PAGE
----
Dead dug up as Uzbeks return
INVESTIGATORS in southern Kyrgyzstan have begun exhuming the bodies of those killed during rampages against the Uzbek minority as tensions rise ahead of today's constitutional referendum.
Meanwhile refugees who fled the conflict to neighbouring Uzbekistan are heading back to their homes, forced to return there by the Uzbek government.
One such refugee, Gulasal Vakhitdzhanova gazed sadly at the charred remains of an ancient mulberry tree in what used to be her courtyard. All that is left of the family's belongings lay in a mangled bed frame.
She is one of tens of thousands of Uzbeks who have been pushed out of refugee camps in Uzbekistan, where they fled after ethnic riots, to return to southern Kyrgyzstan.
This week, a steady stream of Uzbek women and children trailed back into Kyrgyzstan through the border village of Suratash, carrying worn raffia bags full of possessions and sometimes food.
An estimated 1,800 houses, like Vakhitdzhanova's, have been razed to the ground by fireraisers in the main city of Osh alone.
That continued tensions have left the returning Uzbeks in limbo, homeless and terrified of renewed violence.
The impoverished Central Asian nation was thrown into chaos by five days of ethnic violence two weeks ago, when mobs of ethnic Kyrgyz attacked Uzbek neighbourhoods in the south.
The violence followed a bloody uprising in April that toppled President Kurmanbek Bakiyev, and the interim government has accused Bakiyev's followers of instigating the violence so the referendum is cancelled or postponed.
Bakiyev, in exile, has denied any links to the pogroms, but Kyrgyz authorities said last week that they had arrested and charged a nephew of Bakiyev with helping organise the rioting. His son, Maxim, has also been arrested in the UK.
Uzbeks have mostly supported the interim government, while Kyrgyz in the south backed Bakiyev.
Kyrgyzstan is on high security alert for today's election, with almost 8,000 police officers and a similar number of defence volunteers being deployed. Checkpoints have been set up throughout the capital, Bishkek, and in the southern cities of Osh and Jalal-Abad. The vote is seen as an important step towards democracy for the interim government.
Acting deputy interior minister Bakyt Alynbayev said digging up the corpses was essential for an accurate investigation. A large number of the victims were not officially identified because many were buried quickly in keeping with Muslim tradition.
"This is mainly in the interests of the victims themselves," Alynbayev said yesterday. "There should be no particular unhappiness, because this is necessary for settling the issue of compensation."
Yet at one cemetery in a mainly Uzbek neighbourhood, an angry crowd gathered yesterday as investigators, accompanied by more than a dozen uniformed soldiers began digging up fresh graves.
"Why are they doing this? We buried the dead as is proper, we read our prayers," said resident Abdulvasil Satybaldiev. "This isn't right, this isn't fair."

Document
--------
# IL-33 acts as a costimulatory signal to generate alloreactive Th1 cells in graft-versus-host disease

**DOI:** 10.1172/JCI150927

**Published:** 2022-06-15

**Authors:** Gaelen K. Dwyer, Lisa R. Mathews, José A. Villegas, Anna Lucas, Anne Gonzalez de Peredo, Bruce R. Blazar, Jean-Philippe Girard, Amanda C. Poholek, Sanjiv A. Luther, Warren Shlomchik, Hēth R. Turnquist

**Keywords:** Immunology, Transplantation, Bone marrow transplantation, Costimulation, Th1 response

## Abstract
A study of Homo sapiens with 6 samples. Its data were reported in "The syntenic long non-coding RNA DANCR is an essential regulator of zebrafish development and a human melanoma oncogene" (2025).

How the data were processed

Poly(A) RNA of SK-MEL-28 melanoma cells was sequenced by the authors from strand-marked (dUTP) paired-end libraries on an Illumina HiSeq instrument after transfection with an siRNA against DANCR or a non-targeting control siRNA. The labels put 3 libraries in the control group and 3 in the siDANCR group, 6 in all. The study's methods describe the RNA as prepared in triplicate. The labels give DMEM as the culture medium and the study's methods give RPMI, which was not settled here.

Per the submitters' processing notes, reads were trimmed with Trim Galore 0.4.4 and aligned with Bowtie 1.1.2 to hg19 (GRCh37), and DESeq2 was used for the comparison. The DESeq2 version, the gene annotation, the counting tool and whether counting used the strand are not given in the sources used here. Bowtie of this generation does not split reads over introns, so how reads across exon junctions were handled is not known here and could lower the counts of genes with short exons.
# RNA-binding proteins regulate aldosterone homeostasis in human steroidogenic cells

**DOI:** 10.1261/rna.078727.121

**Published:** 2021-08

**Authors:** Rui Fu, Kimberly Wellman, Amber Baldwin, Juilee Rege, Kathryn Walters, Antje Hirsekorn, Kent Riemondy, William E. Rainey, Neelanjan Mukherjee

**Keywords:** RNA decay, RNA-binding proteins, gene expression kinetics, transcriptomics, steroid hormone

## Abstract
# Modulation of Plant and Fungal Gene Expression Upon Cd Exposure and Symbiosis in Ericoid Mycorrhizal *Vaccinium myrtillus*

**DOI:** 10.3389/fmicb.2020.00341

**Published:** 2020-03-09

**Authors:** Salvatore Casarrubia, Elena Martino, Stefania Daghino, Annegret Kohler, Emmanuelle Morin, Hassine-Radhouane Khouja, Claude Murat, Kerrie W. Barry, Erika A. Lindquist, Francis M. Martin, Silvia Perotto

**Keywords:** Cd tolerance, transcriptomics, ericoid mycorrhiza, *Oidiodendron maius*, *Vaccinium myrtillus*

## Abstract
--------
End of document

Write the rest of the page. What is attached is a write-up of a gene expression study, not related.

An official with the local prosecutor's office, Kurbanali Tashkulov, said ten unidentified bodies, some of them wrapped in carpets, were being exhumed at the cemetery.
"Investigations will be carried out on the unidentified bodies to establish their identities and the cause of death," Tashkulov said.
Interim President Roza Otunbayeva has said up to 2,000 people, including some Kyrgyz, may have been killed in the violence. Some in the Uzbek community have accused elements in Kyrgyzstan's military of complicity in attacks on their neighbourhoods that left around 1,800 homes and businesses burned to the ground.
Alynbayev said 60 people have been arrested on suspicion of organising the unrest.
Police and the military have been conducting security raids in Osh, the focal point of the violence that began on 10 June, in what they say is an attempt to seize unauthorised weapons.
The UN World Food Programme said it had distributed more than 650 tons of wheat and oil and airlifted more than 110 tons of high energy biscuits into the region. There is also the danger of infectious disease.
"What people really need is soap and nappies. Some people haven't bathed for ten days and many are now suffering from diarrhoea," said Anna Ford, Asia expert for Save the Children, who is in Osh to help with aid operations.
For now, Vakhitdzhanova and her extended family have taken shelter at the packed home of relatives in Suratash, about ten miles from Osh.
"Of course, we are afraid, but what else can we do?" saidVakhitdzhanova. "We have nowhere to live, we will have to stay here until our home has been rebuilt."
Vakhitdzhanova said she and her family got food and medical treatment in the refugee camp in Uzbekistan, but were encouraged to leave by Uzbek officials.
"They told us that we should come here before the referendum or the Kyrgyz government would not let us in," she said.
Vakhitdzhanova's husband, Sharabiddin Sabirov inspected the remains of his firebombed house at the foot of Mount Suleiman, a craggy outcrop that dominates Osh's skyline. The house, built and maintained by generations of the family, is now a scorched ruin.
Neighbouring buildings owned by Uzbeks on Osh's Alisher Navoi avenue are also burned. Sabirov said he watched the Kyrgyz mobs approaching his house, burning all buildings on their way.
"When they were some 150 metres away from my home, I decided to run away," he said. "I ran over neighbours' roofs."
Sabirov said the mobs also burned the headquarters of the local Uzbek TV station where he worked. He laments what he called the lack of help from the government.
"All the government wants to think about is the referendum," he said. "They don't want to give us any money to rebuild."